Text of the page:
The first time I learned about Muhammad Ali—who he was as a man, what he stood for, all he accomplished as an athlete and an activist—I decided I wanted to be like him. That man, he's my hero. When I was 12, I watched the movie Ali, and I saw Will Smith play a character who was a little full of himself, talked a lot, predicted stuff, backed it up and wasn't afraid to be who he was. Ali was himself, and that struck me.
When he stood up for his people by refusing to take part in the Vietnam War, saying we had problems to address domestically right here in America, that was huge. He explained his decision with a question: If white people kept denying basic human rights to black people in the United States, why should he go fight on those people's behalf? His leadership resonated with civilians around the world. Wherever he went—the Philippines, Russia, Africa—people wanted to be around him, to touch him. People thought, Oooh, he's bold, and loved him for it.
I thought about Ali last spring when I spoke out about the racial tension in this country, and on my campus, after the Sigma Alpha Epsilon fraternity video with members chanting, "There will never be a n----- in SAE," went viral. When I did that, I heard from people all around the world who thanked me, telling me we need to talk more about these issues. Some people reacted by saying I should "stick to sports." To those people I say: You need to understand that I'm more than just an athlete.
When you see No. 19 on the field for Oklahoma, when you see STRIKER printed on the back of my jersey, how would you describe me to people? Most people would probably say that I'm 6-feet, 220 pounds, and a linebacker who has good speed off the edge. Most would probably talk about what I do on Saturdays. But I don't want to be described that way. I want people to say I'm a humorous, energetic, thoughtful guy. I want people to know me for who I am, not for what I do.
I grew up in a house where we sat around the dinner table and spoke the truth: In my family, we talked about what it's like to be a black man in America, what it means and the experiences it brings. I learned early on that stereotypes are everywhere—and not just racial stereotypes. As an athlete, I get stereotyped all the time. I'll be in the library and people will say, "You know what a library is?" Yes, thank you. Athletes do their work, too. And when necessary, we speak up. As a young man I thought, I'm gonna change the world, but I didn't know how. Now I have a platform and a voice people want to hear. Why would I stop talking?
What you have to understand is that so many things are bigger than sports. One thing that's true, and this is sad, is that in this country the game of football is a bigger priority than fixing the racial divide. Sometimes the attitude is, As long as my football team is playing, I'm happy. I get it: Athletes struggle between devoting time to social justice and devoting time to their craft. Both are important and it isn't easy to find a balance. But what I do know is this: Football will come to an end some day. What will stick around are relationships.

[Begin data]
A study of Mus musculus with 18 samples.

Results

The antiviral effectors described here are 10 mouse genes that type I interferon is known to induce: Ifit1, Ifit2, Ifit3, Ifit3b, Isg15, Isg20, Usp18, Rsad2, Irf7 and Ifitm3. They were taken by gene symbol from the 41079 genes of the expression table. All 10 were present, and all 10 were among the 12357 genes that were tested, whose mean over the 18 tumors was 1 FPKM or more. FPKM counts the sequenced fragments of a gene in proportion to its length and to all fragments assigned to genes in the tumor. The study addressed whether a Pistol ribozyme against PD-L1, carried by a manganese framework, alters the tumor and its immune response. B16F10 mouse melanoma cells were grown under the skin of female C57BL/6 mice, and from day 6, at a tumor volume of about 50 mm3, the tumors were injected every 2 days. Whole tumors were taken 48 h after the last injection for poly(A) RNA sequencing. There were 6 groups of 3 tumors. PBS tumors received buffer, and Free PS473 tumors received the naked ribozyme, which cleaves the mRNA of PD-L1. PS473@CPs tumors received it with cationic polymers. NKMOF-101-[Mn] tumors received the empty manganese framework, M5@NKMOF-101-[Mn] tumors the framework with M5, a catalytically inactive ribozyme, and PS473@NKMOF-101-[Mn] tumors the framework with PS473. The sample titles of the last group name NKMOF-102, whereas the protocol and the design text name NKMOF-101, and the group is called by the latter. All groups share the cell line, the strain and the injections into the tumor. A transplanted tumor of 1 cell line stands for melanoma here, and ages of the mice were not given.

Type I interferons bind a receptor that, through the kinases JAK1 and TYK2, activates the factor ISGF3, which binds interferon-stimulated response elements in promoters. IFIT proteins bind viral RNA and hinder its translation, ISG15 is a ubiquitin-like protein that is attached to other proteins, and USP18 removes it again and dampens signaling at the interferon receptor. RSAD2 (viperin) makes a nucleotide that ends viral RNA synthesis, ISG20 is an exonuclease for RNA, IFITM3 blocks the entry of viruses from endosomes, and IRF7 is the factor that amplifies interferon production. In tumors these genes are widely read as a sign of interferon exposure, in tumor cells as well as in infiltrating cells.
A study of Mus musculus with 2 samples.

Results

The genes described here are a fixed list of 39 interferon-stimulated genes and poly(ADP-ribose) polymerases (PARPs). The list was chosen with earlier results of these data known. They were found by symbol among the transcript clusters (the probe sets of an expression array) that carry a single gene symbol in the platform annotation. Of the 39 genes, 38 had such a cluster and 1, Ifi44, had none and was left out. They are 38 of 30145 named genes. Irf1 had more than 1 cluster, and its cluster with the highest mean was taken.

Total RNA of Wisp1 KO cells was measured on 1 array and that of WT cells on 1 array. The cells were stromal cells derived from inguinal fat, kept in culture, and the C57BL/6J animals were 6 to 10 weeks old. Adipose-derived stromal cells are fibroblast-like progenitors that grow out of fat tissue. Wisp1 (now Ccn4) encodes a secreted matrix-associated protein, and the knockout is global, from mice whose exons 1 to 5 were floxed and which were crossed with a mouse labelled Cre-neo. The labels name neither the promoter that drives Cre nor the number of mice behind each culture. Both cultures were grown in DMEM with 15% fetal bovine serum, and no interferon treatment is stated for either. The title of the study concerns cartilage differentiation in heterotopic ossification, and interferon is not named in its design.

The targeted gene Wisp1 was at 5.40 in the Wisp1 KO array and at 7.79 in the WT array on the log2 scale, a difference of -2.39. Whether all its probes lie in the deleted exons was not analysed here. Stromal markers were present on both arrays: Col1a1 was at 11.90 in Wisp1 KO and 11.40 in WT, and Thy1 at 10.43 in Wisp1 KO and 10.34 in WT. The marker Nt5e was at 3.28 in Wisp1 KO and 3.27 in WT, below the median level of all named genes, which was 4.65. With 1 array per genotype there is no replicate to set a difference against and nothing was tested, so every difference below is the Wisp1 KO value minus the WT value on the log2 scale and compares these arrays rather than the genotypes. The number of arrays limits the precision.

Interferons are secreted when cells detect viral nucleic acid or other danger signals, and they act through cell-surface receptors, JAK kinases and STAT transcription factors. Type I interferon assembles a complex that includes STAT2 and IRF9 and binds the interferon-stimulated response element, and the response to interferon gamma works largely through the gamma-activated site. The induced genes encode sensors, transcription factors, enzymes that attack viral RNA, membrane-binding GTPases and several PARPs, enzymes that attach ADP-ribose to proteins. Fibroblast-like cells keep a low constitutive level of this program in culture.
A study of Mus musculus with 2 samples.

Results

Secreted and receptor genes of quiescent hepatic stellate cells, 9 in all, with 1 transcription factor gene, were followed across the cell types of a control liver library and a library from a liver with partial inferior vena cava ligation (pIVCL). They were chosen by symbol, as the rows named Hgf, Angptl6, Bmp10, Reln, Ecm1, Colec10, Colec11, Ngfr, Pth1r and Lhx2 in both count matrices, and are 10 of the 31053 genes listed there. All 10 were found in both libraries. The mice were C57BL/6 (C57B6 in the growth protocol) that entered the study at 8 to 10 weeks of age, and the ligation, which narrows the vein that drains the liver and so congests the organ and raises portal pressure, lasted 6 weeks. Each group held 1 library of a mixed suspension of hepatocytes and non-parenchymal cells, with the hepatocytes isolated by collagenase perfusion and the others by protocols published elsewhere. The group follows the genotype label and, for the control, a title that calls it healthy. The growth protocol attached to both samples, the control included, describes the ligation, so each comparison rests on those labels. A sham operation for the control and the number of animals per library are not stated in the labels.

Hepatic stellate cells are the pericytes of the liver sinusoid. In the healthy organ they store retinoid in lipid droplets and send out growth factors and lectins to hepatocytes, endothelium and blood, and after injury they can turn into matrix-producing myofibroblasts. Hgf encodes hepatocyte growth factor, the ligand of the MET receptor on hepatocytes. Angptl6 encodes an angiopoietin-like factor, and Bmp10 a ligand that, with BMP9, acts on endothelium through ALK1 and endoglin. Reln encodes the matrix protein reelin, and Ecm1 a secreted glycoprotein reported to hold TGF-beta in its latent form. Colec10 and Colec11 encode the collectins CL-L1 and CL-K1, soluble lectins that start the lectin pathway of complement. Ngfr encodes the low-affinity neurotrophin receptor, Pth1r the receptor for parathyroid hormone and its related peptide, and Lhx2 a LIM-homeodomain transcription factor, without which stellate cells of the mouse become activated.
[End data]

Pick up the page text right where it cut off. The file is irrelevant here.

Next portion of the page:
There's a big difference between tolerance and acceptance. Tolerance means "I'm going to deal with this because I have to." Acceptance means, "I've thought about this, I've educated myself and I embrace it." Words are powerful, and we have to remember that every time we walk into a new situation. Together, we all have to strive to accept others, not to simply tolerate them. When people get to college, they are introduced to so many new cultures, beliefs and backgrounds. Sometimes they get more of an education outside the classroom than in it. At the end of the day it's about respect: respecting others and respecting their beliefs. What better feeling is there than saying, I became a better person, a more complete human being, because today I learned about this nation, this religion or this background?
one conversation, that means I have done some good.
I saw the protests at Missouri in November, and it spoke to the progress we are trying to make. As young athletes, we're just starting to realize the power that we have. Sometimes it's necessary to step up and stop the game in order to to say something meaningful. I look at someone like LeBron James—he has the whole city of Cleveland following him. His platform is humongous. I'm glad he speaks up about racial issues, because we need him. But we need other athletes, too, and it's more than just African-Americans who should talk. If we truly want to bring about change, to make this country better, everyone has to stand up. Together. And that starts with talking.
Sports can be an avenue for social change. We saw that with Ali, my hero. Maybe in 25 years, it won't have to be like this. Maybe it won't be rare for an athlete to take a stance for social justice, or we won't have to take a stand because race relations will finally be in a better place. But don't talk to me about how much progress we've already made. Let's have a conversation, together, about how much further we can go.
And don't ask me to shut my mouth or "stick to sports." I'm a man who was raised to follow his heart, to strive for greatness and equality and to speak his mind. I'll never change who I am—and who I am is more than just an athlete.